Does the U.S. spend more money researching diseases that primarily affect men? The answer is emphatically yes, according to an article published in the Journal of Women’s Health by Art Mirin, chair of #MEAction’s California State Chapter.
In his research, Dr. Mirin found that the National Institutes of Health (NIH) gives a disproportionate share of its resources to diseases that primarily affect men, at the expense of those that affect primarily women. In nearly three-quarters of the cases where a disease afflicts primarily one sex, the funding pattern favors men – and at twice the funding rate!
Dr. Mirin analysed the allocation of funds across diseases, and normalized the funding level to disease burden (measured by the Disability Adjusted Life Year). His team categorized a disease as being over-funded if its actual funding exceeded the burden-commensurate value, and under-funded if its actual funding was less.
Of all of the diseases in the NIH portfolio, ME/CFS is the lowest funded disease relative to disease burden by the NIH, and 75 percent of those afflicted are women.
“Gender bias has been an ongoing issue in health care and has manifested itself in a number of different ways,” wrote Dr. Mirin. “Other examples include the underrepresentation of women in health studies, the trivialization of women’s complaints, and discrimination in the awarding of research grants.”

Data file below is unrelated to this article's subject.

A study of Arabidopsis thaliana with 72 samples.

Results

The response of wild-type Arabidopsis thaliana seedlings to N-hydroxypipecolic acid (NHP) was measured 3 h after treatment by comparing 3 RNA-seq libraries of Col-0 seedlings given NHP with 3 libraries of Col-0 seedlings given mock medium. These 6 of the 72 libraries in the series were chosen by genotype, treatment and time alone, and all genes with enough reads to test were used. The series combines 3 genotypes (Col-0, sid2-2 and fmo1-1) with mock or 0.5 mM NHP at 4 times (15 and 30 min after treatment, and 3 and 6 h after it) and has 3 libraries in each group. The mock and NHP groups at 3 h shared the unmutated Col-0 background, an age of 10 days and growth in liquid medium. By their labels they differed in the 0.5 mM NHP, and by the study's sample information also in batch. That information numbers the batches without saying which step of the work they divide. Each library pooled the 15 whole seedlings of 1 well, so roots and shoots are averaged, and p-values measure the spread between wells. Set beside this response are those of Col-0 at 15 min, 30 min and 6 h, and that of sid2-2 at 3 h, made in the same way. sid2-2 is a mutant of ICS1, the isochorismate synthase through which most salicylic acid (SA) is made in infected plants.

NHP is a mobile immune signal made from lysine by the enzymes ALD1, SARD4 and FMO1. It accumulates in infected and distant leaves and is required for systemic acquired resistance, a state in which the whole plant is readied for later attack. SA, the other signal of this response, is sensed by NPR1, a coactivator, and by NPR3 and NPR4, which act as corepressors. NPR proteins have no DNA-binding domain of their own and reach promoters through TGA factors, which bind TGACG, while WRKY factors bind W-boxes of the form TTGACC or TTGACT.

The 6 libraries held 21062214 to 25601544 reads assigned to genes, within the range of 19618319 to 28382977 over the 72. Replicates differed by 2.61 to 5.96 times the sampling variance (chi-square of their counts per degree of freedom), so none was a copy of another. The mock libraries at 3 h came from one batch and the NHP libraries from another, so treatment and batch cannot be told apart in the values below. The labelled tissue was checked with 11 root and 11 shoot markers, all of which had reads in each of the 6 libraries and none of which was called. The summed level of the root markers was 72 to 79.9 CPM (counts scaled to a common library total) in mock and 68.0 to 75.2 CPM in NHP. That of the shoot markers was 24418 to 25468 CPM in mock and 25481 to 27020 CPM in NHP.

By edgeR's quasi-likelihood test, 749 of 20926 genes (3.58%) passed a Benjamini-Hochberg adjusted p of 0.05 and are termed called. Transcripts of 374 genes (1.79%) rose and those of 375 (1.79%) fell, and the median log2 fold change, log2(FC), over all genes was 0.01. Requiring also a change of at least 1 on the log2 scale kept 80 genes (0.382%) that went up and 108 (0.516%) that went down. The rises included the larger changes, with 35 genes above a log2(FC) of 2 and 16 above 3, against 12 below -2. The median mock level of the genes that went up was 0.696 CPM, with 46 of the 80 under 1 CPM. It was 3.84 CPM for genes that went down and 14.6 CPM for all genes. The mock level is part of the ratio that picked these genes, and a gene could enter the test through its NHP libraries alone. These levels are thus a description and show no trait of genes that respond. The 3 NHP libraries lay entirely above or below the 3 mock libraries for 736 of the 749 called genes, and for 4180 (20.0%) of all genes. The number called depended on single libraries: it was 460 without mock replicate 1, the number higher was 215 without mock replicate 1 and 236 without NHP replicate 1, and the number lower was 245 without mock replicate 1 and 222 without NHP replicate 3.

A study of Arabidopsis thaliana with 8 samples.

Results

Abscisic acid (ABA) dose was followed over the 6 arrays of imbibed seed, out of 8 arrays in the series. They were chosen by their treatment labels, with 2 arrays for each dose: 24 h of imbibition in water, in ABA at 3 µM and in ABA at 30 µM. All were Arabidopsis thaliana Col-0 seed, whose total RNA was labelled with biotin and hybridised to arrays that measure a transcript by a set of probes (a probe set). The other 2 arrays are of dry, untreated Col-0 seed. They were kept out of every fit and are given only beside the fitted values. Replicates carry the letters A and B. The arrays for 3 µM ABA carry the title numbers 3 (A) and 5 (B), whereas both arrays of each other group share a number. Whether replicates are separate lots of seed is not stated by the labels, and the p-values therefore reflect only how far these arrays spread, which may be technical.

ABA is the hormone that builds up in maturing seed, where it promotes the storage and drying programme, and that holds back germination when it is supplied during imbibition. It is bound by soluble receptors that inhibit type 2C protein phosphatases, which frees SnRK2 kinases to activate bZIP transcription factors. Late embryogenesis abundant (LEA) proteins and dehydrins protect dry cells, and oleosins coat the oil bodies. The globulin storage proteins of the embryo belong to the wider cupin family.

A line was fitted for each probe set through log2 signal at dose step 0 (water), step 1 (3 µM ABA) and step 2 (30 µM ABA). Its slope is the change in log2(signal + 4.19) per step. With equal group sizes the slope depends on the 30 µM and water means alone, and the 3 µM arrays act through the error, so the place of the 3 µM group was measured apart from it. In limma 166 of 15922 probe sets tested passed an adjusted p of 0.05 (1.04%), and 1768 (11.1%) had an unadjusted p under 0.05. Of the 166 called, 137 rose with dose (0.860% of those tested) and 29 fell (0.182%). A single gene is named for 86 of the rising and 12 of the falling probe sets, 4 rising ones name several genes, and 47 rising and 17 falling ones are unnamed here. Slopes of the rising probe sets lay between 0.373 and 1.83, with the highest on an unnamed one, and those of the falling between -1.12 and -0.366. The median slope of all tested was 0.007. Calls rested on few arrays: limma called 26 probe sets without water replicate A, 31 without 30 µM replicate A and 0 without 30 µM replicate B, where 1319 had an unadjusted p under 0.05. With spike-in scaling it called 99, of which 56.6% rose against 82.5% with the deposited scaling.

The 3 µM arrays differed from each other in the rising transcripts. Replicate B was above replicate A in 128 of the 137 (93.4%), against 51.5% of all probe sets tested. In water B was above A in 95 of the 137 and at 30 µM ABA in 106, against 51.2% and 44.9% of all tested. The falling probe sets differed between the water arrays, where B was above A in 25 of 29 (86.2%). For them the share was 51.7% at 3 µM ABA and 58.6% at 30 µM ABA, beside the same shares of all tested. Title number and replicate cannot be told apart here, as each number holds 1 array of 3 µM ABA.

Jennifer Brea’s TED Talk calling for healthcare providers to believe women and not continue to dismiss them as hysterical struck a chord with Dr. Mirin after doing the research on gender disparity for himself.
Set Aside Funding, NIH!
Dr. Mirin said he has no reason to believe that NIH is intentionally short-changing women – rather that we are seeing the result of a structural gender bias, and the first step to change is acknowledging the problem.
“The most effective way for NIH to respond to funding disparities, be they based on gender or something else, is to remedy the situation by setting aside funding,” said Mirin. “As we have argued vis-à-vis ME/CFS, a similar approach will likely be needed to address gender disparity.”